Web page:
More and more, employees spend off-the-clock time working

By Neil Amato 
August 14 2013

Vacation, holiday, paid time off – whatever you call it, the meaning is changing. Managers and employees alike are treating scheduled time off differently than they used to, according to separate surveys in the UK and US. More US employees are planning to work during summer vacation, and half of the managers in a UK survey haven’t scheduled a summer holiday.

The main reasons: Workers are stretched thin at companies that have yet to return to pre-recession employment levels and insist on a leaner model. Meanwhile, mobile devices have contributed to increased connectivity. Employees monitor their phones for email, and according to the surveys, employers expect the workers to be reachable.

Sixty-one per cent of employees said they planned to work during their vacation in the US, according to a survey of nearly 1,100 by TeamViewer, a supplier of online meetings software. That’s up nine percentage points from the previous year’s survey.

Sixty-nine per cent plan to take a work-capable device with them on vacation, and 61% plan to take up to three devices. While supposedly off from work, the employees plan to spend time reading email (38%), seeking access to a work-related document on a home or work computer (32%), receiving work-related calls (30%) and text messages (24%), and being asked to do work by a boss, client or colleague (20%).

The bosses aren’t taking time off, either. Nearly half of 838 managers in a UK survey by the Chartered Management Institute (CMI) have either not scheduled a summer holiday (36%) or have decided not to take one (14%), despite 88% of respondents agreeing that a holiday helps recharge the batteries for work.

One reason managers aren’t taking time off is the extra work they have before and after a holiday: 24% expect to work more than eight extra hours before a holiday, and 26% expect to work at least eight extra hours upon return.

“With the economy in a rut, managers are working harder and longer,” Petra Wilton, CMI’s director of strategy, said in a news release. “It’s about time some of them took a well-earned break, which will pay dividends when they come back healthier, happier and full of renewed energy and enthusiasm.”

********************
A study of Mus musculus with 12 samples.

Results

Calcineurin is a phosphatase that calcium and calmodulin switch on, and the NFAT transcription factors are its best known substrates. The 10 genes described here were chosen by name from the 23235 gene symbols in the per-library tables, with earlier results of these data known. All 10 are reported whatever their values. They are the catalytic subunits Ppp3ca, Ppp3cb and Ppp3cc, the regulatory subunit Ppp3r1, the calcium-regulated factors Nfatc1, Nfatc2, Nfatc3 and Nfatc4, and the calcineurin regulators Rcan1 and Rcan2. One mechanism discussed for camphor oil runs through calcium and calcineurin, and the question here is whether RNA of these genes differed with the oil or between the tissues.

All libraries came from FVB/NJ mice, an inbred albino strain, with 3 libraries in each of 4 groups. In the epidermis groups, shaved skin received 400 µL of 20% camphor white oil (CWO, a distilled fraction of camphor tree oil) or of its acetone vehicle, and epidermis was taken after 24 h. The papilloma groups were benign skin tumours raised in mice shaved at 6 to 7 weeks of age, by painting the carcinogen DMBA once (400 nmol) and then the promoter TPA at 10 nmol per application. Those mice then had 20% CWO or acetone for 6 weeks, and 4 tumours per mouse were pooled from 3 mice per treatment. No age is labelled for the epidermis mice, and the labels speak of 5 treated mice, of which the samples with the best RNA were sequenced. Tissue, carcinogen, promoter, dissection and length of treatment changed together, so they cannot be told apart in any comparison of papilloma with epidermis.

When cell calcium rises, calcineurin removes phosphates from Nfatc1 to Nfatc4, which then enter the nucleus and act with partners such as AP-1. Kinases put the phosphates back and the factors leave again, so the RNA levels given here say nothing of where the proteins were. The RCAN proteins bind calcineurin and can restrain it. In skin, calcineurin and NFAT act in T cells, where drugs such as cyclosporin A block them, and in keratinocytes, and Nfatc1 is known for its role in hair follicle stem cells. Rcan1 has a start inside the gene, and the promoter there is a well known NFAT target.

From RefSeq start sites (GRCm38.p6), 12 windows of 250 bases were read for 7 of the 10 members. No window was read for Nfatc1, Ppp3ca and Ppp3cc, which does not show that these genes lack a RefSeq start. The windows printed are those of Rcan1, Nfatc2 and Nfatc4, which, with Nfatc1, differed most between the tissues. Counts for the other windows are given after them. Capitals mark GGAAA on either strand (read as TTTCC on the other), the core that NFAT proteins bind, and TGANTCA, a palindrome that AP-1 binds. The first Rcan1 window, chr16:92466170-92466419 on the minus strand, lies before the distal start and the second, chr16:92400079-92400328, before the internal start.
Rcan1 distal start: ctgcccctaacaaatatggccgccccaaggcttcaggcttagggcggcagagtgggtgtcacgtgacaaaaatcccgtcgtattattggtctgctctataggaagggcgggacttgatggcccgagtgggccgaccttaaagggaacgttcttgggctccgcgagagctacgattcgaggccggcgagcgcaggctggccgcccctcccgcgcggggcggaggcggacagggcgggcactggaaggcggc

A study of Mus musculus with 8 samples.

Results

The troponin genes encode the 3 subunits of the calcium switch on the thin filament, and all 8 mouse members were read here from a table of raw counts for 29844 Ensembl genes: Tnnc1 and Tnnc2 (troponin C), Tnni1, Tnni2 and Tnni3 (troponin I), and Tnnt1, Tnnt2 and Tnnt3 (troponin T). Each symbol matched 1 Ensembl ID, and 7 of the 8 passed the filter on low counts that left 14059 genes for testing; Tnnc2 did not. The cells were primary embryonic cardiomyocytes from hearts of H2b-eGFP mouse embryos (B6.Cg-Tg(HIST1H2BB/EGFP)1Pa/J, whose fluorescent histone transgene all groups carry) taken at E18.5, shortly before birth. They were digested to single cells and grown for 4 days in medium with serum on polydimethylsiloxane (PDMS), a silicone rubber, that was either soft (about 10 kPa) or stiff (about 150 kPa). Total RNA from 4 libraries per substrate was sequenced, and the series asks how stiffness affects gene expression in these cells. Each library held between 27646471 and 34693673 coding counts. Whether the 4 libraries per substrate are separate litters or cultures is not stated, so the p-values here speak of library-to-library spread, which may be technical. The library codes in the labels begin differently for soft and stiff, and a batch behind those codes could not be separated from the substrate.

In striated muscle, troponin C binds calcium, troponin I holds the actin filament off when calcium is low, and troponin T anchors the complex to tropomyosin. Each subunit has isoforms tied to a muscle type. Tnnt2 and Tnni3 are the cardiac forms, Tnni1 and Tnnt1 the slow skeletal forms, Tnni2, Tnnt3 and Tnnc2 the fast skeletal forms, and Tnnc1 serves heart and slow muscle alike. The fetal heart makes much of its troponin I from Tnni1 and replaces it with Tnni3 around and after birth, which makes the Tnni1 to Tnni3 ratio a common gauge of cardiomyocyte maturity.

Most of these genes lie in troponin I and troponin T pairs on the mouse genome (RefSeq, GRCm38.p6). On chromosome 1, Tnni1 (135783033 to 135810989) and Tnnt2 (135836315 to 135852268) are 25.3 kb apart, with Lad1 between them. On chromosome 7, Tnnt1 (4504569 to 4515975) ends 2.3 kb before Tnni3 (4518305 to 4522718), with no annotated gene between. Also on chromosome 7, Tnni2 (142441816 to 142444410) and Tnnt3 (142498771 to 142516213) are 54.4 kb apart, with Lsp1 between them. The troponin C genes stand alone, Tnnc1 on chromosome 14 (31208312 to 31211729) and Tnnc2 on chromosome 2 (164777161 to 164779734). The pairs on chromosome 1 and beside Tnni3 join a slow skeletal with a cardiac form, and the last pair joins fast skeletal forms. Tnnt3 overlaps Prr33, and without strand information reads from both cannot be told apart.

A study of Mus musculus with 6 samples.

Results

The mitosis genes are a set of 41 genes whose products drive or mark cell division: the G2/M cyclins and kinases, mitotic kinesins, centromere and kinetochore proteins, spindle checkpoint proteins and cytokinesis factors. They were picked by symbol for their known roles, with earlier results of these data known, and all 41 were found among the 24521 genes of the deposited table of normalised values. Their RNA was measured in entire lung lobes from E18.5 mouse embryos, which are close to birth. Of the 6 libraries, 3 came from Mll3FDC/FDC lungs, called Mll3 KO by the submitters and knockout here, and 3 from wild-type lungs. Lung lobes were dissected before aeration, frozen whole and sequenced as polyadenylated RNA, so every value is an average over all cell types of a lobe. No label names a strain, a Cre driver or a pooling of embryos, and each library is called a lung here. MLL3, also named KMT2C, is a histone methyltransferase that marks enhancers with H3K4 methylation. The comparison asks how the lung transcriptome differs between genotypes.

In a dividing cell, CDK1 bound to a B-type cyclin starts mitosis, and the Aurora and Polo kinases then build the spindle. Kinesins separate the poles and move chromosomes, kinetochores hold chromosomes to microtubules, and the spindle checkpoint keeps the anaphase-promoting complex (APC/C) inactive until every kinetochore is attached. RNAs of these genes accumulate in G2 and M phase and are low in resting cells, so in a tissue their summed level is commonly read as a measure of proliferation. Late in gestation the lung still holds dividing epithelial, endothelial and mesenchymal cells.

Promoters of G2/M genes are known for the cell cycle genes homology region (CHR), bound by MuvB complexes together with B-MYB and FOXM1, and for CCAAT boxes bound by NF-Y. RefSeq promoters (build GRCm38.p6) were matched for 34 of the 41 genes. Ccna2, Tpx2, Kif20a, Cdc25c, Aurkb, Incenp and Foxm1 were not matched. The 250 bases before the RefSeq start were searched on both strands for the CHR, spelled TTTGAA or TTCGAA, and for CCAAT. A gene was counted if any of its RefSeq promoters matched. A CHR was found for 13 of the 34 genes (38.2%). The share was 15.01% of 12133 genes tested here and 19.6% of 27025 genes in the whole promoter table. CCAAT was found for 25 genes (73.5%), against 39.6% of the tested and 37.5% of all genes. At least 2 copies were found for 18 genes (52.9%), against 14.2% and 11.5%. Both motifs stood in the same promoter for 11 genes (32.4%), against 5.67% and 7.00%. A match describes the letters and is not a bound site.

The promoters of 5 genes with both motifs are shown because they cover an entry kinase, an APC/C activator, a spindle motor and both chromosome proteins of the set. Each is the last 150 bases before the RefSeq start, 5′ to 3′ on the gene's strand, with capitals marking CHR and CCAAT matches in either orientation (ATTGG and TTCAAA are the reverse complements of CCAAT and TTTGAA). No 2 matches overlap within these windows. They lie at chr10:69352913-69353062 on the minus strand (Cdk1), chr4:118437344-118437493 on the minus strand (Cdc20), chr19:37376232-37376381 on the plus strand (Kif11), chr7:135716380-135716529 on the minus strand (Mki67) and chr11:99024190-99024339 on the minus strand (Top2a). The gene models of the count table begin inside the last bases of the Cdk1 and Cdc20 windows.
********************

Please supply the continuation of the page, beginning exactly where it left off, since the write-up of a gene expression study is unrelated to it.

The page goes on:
Flexible scheduling and technology advances have helped employees set new work boundaries – with a wireless connection and a laptop, they can work anywhere. But this connectivity can lead to higher expectations on employees outside of traditional work hours. A Robert Half survey offered a few tips to help “unplug” from off-the-clock work:

  • Identify the “mosts”. Focus on only the most important projects first, not just the most recent one about which you received an email.
  • Be realistic about internal resources. Understand a staff’s workload, knowledge level and experience.
  • Avoid micromanaging. Setting a schedule for project updates is better than getting mired in details.
  • Practise the golden rule. Show respect for others’ schedules, including those days marked “time off” on the calendar, and that respect will likely be reciprocated.

About five in six employees in the TeamViewer survey say that having to work during vacation is becoming more common in the United States, but most are not happy about it. Here are the top predicted reactions to being asked to do work during vacation:

  • Do the work, but not happily (34%)
  • Feel that my boss doesn’t respect my time (29%)
  • Worry about the boundaries of my personal life (24%)
  • I would say no (22%)
  • Be happy to do the work (14%)
  • I would turn off my devices and ignore it altogether (13%)
  • I would pretend I didn’t see the incoming message, text, etc. (11%)

Six per cent said that, if asked to work, they would devote time off to a different kind of work: updating their résumé to find a new job.

Related CGMA Magazine content:

Can Productivity Rise When Employees Already Are Stretched Thin”: Companies that became leaner during the financial crisis and are struggling to stimulate growth may still need to create value through increased productivity. But the challenge is raising productivity without squeezing workers who are already doing more with less.

European Workers Win When It Comes to Paid Time Off”: The United States is the only one of 21 advanced economies studied for a recent report where the law does not guarantee paid time off for workers. Low-wage and part-time workers in the United States especially lack paid vacation benefits.

Neil Amato (namato@aicpa.org) is a CGMA Magazine senior editor.